Bergen Energy Lab (BEL)
Digital half-day seminar

Part 2 - The EU taxonomy

Because of covid-19, this seminar will be digital. We will split the seminar into two parts; part 1 will be on May 10th and part 2 on May 19th. In this half-day seminar the different speakers will discuss how their field may be affected by the EU Taxonomy for sustainable activities.

Colourbox.com / Labunskiy K.

Main content

"In order to meet the EU’s climate and energy targets for 2030 and reach the objectives of the European Green Deal, it is fundamental to direct investments towards sustainable projects and activities...

...The EU taxonomy is a classification system, establishing a list of environmentally sustainable economic activities. The EU taxonomy is an important enabler to scale up sustainable investment and to implement the European Green Deal. Notably, by providing appropriate definitions to companies, investors and policymakers on which economic activities can be considered environmentally sustainable, it is expected to create security for investors, protect private investors from greenwashing, help companies to plan the transition, mitigate market fragmentation and eventually help shift investments where they are most needed. " - European Commission

In this half-day seminar, the different speakers will discuss how their field may be affected by the EU Taxonomy for sustainable activities. This will be part 2 of the seminar. Part 1 can be found here.

Wednesday May 19th 08:30-10:00 - Part 2:

Herlaug Fyhn (DNB)  - The impact of the EU taxonomy on the banking sector
If EU is to reach its targets under the Paris agreement it will require huge investments. The transition to a net-zero emissions society cannot be funded by the public sector alone. Therefore, EU is introducing a set of regulations that will incentivize and steer private capital into the technologies and infrastructure that will decarbonize the European economies.
One central element in Europe’s Green Deal is the EU taxonomy which provides a common language that will help investors make informed decisions about what is green and sustainable. Although the taxonomy is new, sustainable finance is not a new topic. Over recent years, we see that investors are putting increasingly more pressure on the companies they finance. There are numerous investor initiatives with the target of reaching net-zero emissions in 2050, and to get there they are already reallocating capital today. The sustainability profile of companies is increasingly impacting their access to, and cost of, capital. How the market of sustainable investments is developing, and the taxonomy’s impact on the financial sector, will be addressed further in the session at UiB on May 19th.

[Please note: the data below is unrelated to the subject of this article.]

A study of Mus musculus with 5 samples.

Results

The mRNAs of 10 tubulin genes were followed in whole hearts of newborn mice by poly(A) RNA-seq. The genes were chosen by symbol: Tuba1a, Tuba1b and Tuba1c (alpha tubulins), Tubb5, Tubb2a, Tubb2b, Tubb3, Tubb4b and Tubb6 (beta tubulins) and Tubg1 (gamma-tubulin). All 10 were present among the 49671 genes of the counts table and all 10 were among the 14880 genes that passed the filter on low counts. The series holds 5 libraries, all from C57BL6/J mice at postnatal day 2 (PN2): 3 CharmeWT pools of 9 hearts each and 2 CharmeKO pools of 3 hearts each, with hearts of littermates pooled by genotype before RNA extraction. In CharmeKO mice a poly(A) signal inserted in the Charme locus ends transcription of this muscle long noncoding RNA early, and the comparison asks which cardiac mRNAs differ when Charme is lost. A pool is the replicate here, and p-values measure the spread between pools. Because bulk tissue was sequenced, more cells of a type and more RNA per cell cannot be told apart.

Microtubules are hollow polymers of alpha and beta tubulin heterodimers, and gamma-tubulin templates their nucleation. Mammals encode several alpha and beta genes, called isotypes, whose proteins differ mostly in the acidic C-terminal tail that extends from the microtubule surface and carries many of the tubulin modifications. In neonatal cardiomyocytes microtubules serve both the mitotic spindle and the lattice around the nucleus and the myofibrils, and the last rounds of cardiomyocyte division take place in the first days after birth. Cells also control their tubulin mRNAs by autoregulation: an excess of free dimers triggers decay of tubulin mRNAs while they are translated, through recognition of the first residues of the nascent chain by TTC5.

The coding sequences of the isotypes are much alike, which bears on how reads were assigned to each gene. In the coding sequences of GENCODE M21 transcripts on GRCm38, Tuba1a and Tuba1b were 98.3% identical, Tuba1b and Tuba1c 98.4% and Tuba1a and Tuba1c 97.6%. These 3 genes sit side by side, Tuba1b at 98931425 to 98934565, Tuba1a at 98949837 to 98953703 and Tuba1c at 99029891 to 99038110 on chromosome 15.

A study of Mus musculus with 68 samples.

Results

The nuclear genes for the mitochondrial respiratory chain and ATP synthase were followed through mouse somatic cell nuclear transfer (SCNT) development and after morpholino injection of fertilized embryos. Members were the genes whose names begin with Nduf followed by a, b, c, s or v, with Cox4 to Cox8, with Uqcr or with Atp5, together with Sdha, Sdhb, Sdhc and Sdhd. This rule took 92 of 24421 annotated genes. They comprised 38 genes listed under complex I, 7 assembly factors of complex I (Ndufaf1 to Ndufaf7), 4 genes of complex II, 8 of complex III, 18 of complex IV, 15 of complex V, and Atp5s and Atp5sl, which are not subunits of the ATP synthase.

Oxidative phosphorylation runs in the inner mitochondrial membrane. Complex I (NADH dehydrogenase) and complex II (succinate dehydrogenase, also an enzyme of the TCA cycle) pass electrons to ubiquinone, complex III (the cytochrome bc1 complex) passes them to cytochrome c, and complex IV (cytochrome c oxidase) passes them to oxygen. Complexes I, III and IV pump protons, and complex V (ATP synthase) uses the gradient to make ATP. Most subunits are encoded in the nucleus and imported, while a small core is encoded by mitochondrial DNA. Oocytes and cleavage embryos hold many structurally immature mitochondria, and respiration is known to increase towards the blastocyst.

Benedicte Staalesen Nilsen (BKK) –  Taxonomy and the value of hydropower in Europe

When the first draft of the taxonomy (March 2020) defined hydro power as not being sustainable, but rather, considered a transitional technology, Norway was taken aback. However, hydro power was in the final classification defined as sustainable. That is good news for the clean batteries that Norwegian hydro power is. However, the process of the taxonomy is an illustration of how hydro power is seen as less valuable, compared to technologies such as wind and sun.


Ignacio Herrera Anchustegui (UiB) - Implications of the EU Taxonomy for the electrification of the Norwegian Continental Shelf.

The Norwegian Continental Shelf is 6 times larger than Norway’s land territory. In this space lies a great deal of the riches of the country: oil and gas deposits. Efforts have been made since 1996 by Equinor and other oil and gas companies to electricity the different activities in the Norwegian Continental Shelf. This is done to reduce the associated carbon emissions to industrial activity. Different projects are on its way to continue this electrification as well as to promote the capture and storage of carbon. The EU taxonomy will have an effect on the electrification of activities and the deployment of projects. What will be that effect is still unknown. Is a wind farm connected to an oil and gas rig considered a ‘green investment’ or is it brown? What about support to only gas but not oil projects? What about electrification from land? Is this a matter of interpretation, convenience, politics or the rule of law? These are some of the questions we will discuss in this presentation.